This story is taken from SacbeeCapitol and CaliforniaGovernment/Politics


Since 1994, Dickinson hasn't faced a contested election for supervisor, and now he's stepping aside to run for the state Assembly.

The departure of its most liberal supervisor could change the Board of Supervisors' political dynamics.

Three candidates have emerged as would-be successors to Dickinson: Grantland Johnson, 61, who has served at all levels of government and once held the seat Dickinson is vacating; Phil Serna, 41, a candidate with a famous name, money and substantial backing; and Keith Weber, 62, a local businessman hoping to turn grass-roots support into votes.

"This is an exceptionally rare race. You have a contest between a real experienced politician with a household name and a young, upstart one with a real magical name," said Robert Waste, professor of public policy and administration at California State University, Sacramento. "It could be one of those 'We don't find out until late at night' races."

Weber, Johnson and Serna have filed paperwork signifying intent to run for the District 1 seat. The district embraces downtown Sacramento, Natomas, North Highlands, Rio Linda, Elverta, Antelope, North Sacramento and parts of Tahoe Park and Oak Park. The area contains significant economic engines for the region including Sacramento International Airport and McClellan Park, as well as some of the region's most depressed communities.

While the formal nomination period has yet to begin, the three have formed committees and are raising money.

Early bets are on a "real interesting horse race" between Johnson and Serna, Waste said.

Johnson was a force in local politics for more than a decade, serving on the Sacramento City Council from 1983 to 1986 before joining the Board of Supervisors in 1987 as the county's first African American supervisor. His liberal bona fides helped him win a spot in the Clinton administration in late 1993 as a regional director in the U.S. Department of Health and Human Services. His departure made way for Dickinson's rise to power. Waste expects Johnson could draw significant support from labor groups.

Serna is an heir apparent. His father, Joe Serna Jr., was Sacramento's most powerful mayor in recent memory, serving from 1992 until his death in 1999.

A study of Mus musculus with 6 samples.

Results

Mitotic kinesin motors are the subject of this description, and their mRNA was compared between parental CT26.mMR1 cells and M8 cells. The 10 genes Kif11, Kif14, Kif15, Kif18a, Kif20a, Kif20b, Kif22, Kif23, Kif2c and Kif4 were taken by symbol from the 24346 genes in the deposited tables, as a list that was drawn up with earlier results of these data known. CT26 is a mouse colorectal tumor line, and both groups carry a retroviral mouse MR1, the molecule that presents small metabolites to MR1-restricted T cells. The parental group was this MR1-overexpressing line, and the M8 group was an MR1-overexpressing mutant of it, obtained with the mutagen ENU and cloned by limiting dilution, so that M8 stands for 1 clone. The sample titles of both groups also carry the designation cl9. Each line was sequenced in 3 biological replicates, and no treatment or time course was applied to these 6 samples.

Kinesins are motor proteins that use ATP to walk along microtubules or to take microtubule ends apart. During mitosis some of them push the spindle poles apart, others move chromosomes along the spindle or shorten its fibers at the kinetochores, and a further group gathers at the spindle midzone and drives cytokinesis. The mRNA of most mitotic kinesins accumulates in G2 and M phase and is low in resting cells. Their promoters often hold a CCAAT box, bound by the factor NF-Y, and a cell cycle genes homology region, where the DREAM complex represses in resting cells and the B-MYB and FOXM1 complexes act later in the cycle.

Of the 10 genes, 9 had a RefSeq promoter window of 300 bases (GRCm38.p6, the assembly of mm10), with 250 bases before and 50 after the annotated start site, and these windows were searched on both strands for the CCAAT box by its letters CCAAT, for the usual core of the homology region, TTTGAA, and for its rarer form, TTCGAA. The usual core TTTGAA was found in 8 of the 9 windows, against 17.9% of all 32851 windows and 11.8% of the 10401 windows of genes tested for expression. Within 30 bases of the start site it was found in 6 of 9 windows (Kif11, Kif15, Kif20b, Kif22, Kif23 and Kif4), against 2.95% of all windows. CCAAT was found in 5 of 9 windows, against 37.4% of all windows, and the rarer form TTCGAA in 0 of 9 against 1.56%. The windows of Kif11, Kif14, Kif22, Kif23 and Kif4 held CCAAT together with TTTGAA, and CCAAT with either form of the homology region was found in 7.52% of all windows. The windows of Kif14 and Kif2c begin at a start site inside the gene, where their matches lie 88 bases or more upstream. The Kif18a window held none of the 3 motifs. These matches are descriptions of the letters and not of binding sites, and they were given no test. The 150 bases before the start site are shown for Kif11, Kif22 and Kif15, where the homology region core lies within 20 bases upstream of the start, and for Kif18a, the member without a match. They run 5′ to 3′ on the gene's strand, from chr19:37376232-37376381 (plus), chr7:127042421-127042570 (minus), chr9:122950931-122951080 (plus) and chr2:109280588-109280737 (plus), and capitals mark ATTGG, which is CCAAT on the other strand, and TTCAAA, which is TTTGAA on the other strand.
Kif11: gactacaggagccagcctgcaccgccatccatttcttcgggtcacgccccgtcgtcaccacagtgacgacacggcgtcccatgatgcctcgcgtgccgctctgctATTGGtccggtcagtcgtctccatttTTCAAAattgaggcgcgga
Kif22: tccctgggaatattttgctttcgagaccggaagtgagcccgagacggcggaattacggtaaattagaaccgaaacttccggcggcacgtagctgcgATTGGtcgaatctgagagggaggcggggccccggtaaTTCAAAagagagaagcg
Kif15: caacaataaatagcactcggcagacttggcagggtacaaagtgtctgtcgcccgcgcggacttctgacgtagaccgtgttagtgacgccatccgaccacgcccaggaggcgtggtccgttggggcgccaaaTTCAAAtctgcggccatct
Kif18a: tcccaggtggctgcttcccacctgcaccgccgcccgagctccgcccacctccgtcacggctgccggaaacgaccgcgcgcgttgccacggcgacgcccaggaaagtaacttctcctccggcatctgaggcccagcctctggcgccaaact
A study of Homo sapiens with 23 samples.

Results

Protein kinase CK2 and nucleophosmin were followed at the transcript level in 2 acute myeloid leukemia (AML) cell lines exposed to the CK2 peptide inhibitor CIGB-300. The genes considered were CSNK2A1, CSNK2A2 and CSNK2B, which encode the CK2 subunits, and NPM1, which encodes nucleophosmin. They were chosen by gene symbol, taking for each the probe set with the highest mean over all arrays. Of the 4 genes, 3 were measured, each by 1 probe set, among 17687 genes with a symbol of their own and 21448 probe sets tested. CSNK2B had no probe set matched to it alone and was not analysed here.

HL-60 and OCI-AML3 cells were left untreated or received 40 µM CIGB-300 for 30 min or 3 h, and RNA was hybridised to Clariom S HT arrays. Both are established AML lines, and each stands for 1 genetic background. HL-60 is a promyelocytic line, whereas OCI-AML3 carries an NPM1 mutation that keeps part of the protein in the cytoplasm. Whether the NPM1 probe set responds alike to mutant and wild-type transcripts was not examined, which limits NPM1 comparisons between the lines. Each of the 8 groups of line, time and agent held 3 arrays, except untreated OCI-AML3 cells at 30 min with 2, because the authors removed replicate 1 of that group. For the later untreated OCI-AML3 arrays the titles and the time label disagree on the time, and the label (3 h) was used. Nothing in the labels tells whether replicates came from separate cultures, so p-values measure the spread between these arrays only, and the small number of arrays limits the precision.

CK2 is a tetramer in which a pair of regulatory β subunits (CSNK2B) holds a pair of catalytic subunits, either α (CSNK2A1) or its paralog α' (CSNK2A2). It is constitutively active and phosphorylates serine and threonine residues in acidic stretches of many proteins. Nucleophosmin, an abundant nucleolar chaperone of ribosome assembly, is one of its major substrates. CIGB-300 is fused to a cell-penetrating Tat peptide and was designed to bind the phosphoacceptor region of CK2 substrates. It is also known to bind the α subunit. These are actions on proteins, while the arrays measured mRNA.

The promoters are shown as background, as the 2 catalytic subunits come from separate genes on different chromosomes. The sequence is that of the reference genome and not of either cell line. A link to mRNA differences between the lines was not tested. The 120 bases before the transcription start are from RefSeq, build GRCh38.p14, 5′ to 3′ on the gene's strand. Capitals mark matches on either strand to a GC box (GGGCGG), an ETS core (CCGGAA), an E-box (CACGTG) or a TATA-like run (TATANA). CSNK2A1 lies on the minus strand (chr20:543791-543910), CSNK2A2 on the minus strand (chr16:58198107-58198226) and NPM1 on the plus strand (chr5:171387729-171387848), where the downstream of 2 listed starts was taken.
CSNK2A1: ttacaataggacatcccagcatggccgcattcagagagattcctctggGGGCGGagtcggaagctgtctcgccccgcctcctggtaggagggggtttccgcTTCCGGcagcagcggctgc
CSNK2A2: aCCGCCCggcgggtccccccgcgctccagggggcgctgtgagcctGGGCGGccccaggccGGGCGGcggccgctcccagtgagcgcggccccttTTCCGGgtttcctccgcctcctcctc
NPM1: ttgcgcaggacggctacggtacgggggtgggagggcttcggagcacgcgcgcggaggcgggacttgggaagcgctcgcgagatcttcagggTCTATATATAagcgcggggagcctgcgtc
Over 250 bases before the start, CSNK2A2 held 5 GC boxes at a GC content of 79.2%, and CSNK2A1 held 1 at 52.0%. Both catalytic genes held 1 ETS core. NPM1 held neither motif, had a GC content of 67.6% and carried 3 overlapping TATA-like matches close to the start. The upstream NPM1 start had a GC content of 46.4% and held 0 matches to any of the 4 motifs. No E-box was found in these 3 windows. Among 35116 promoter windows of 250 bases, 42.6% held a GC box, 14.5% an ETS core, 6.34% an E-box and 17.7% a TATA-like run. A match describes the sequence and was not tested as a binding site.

Phil Serna acknowledged his name carries weight.

"I'm certainly very proud of not just my father but both my parents," Serna said. "I was raised in a home where civic engagement in leadership was kind of a way of life."

But Serna said he also hopes people recognize his qualifications as a candidate beyond his family name.

"I am not resting on the last name. I'm running this race, I'm in this race as my own person," Serna said.

Serna has worked as vice president of governmental affairs for the Home Builders Association of Northern California and more recently ran his own company, Serna Consulting LLC, where he worked on a number of development projects, including some with Angelo K. Tsakopoulos. He said his experience working on deals between property owners and local governments would serve him as a supervisor. Serna, who has been campaigning full time since June, said he's also reached out to community groups that were strong bases for Dickinson.

The political and business connections appear to have paid off. Serna raised close to $20,000 for his campaign by the end of June, just weeks after filing papers announcing his intention to run, according to campaign disclosure statements he filed in August. That's the maximum candidates could raise this calendar year.

Johnson's campaign committee – "Grantland Johnson for Supervisor 2010" – didn't qualify as an official committee until early October. County election officials said a committee qualifies as "official" when a candidate has raised $1,000.

Johnson's fundraiser, Toni Roberts, said the former supervisor's campaign has since raised close to the $20,000 maximum for the year. The next statements aren't due until the end of January.

Weber still hasn't filed papers to qualify as an official committee, although Weber said he's close to raising the $1,000.

Serna has compiled endorsements from a who's who of local politicians and power brokers.

The entire Board of Supervisors – minus Dickinson, who said he isn't prepared to endorse anyone yet, Mayor Kevin Johnson, former Mayor Heather Fargo, Sheriff John McGinness, former Sheriff Lou Blanas, the Sacramento Metropolitan Chamber of Commerce, the North State Building Industry Association and others have already thrown their support behind Serna, according to a list Serna provided The Bee.

"He's got the high ground politically, but if anyone can make up the distance, it's Grantland," Waste said.

Johnson did not reply to numerous telephone inquiries by The Bee. It's unclear how he plans to handle Serna's formidable challenge. Roberts said the former supervisor is definitely running to regain his old seat.

Fighting the odds – and the money – is Weber. The local businessman said he's well aware of the uphill battle he faces.

"It's a little bit appalling to think those are the only voices that get heard," Weber said of the recent history of campaign contributions in supervisorial races.

Weber, president of the Antelope-Highlands Chamber of Commerce, said he's trying to focus on "grass-roots support" and hopes he can represent the little guy, "all of us citizens going to work every day and just trying to live lives that are meaningful."

Weber, owner of USA Print Shops, grew up in North Highlands and has been a Rio Linda resident since 1976. He's running on a platform of scaling back government and providing more resources for public safety.

Weber said he's more than just a conservative.

"I've been an organic gardener since the 1970s," he said. "I think individual responsibility is a tremendous thing whether you're a liberal or conservative."